Transaction Analysis Blog
De La Rosa Up, Garza Out, and More
Coke left his Monday start early with an ankle injury after attempting to field a bunt, creating the opening for Charlie Furbush to make his big league debut and earn the win. Another Tiger farmhand will benefit from Coke’s trip to the disabled list in the person of Wilk.
A quick riser, the 2009 draftee has made all of eight appearances above Double-A and yet Wilk’s peripherals have remained as striking as ever. In 290 minor league innings pitched, Wilk has walked 36 batters (just about one per nine innings pitched). Wilk won’t impress velocity fiends, but the Tigers may as well see if his smoke and mirrors act can work against the world’s finest hitters.
The last time Garza went on the disabled list was early 2008. Then, he was suffering from a radial nerve irritation. It cleared up and Garza proved to be a reliable starter in the two-plus seasons since. This time, Garza goes on the disabled list with a right elbow contusion after missing his Sunday night start with elbow soreness.
The Cubs rotation already has the blues, with Andrew Cashner still out and Randy Wells only returning in the coming days. In their wake, the Cubs have allowed James Russell, Casey Coleman, and Doug Davis to make 14 starts and the results have been about as poor as you may expect from that trio.
There is a nice story here with Montanez, as the Cubs drafted him third overall in the 2000 draft (after Adrian Gonzalez and Adam Johnson, but before Mike Stodolka, Justin Wayne, and Rocco Baldelli—okay, only one of those would look better in retrospect). Montanez did reach the majors, but with the Orioles. He had a nice stretch in 2008, hitting .295/.316/.46 with three homers in a little over 100 at-bats and has since hit .165/.209/.223 in 149 plate appearances.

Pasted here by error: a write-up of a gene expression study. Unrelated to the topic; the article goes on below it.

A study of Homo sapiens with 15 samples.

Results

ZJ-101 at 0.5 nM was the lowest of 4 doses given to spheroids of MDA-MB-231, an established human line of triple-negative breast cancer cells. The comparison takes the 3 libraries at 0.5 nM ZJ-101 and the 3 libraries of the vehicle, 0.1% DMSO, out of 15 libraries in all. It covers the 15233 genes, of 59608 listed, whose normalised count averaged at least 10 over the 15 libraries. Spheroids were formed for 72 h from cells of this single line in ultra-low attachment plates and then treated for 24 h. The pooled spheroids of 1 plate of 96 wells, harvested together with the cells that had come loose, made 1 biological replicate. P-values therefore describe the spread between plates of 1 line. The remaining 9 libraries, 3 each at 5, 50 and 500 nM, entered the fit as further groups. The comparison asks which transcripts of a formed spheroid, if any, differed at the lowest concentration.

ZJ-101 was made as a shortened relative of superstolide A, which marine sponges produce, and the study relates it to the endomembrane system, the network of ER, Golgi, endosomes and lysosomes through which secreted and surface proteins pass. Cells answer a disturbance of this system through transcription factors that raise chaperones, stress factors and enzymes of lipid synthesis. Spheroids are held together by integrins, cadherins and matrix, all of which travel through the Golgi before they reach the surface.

Regardless of value added (or, perhaps, subtracted), Montanez appearing in blue pinstripes should generate a nice piece of copy and maybe a warm feeling or two.
With Josh Johnson on the mend, the Marlins turned to Buente for his last scheduled start. Buente lasted just three innings against the Rays and showed why his excellent peripherals don’t translate into a worthwhile big league starter. Even with solid velocity and a good splitter, Buente just doesn’t have the secondary offerings to win enough battles. Some team might be willing to take a chance on Buente as a reliever, but no one raised their hand last October when the Marlins passed him through waivers and off the 40-man roster.
For a time there, Cormier was a decent long reliever to have in the pen. In 2007 and 2008 he was able to use a cutter and breaking pitch to break down lefties and righties alike despite below average velocity and stuff. Cormier walked more batters than he struck out in 2009 and his once sound home run rate has fallen by the waist side. Consider that Cormier allowed 13 home runs over the last two seasons (or more than 135 innings of work), yet has allowed four homers in 13 2/3 innings pitched this season.
Oh, and this De La Rosa guy is kind of a big deal. Kevin Goldstein had him as the Dodgers sixth-best prospect with full disclosure that his future could come as a reliever. Sure enough, here he is, in living color and as a potential solution to the Dodgers pen woes. His Double-A performance this season (52 strikeouts in 40 innings pitched) and his stuff looks good (a fastball that can run near triple digits and a power slider) suggests he can handle some more advanced batters at this point in his development.
How Don Mattingly deploys De La Rosa is to be seen, but squinting isn’t required to see a future closer here—and possibly a real good one.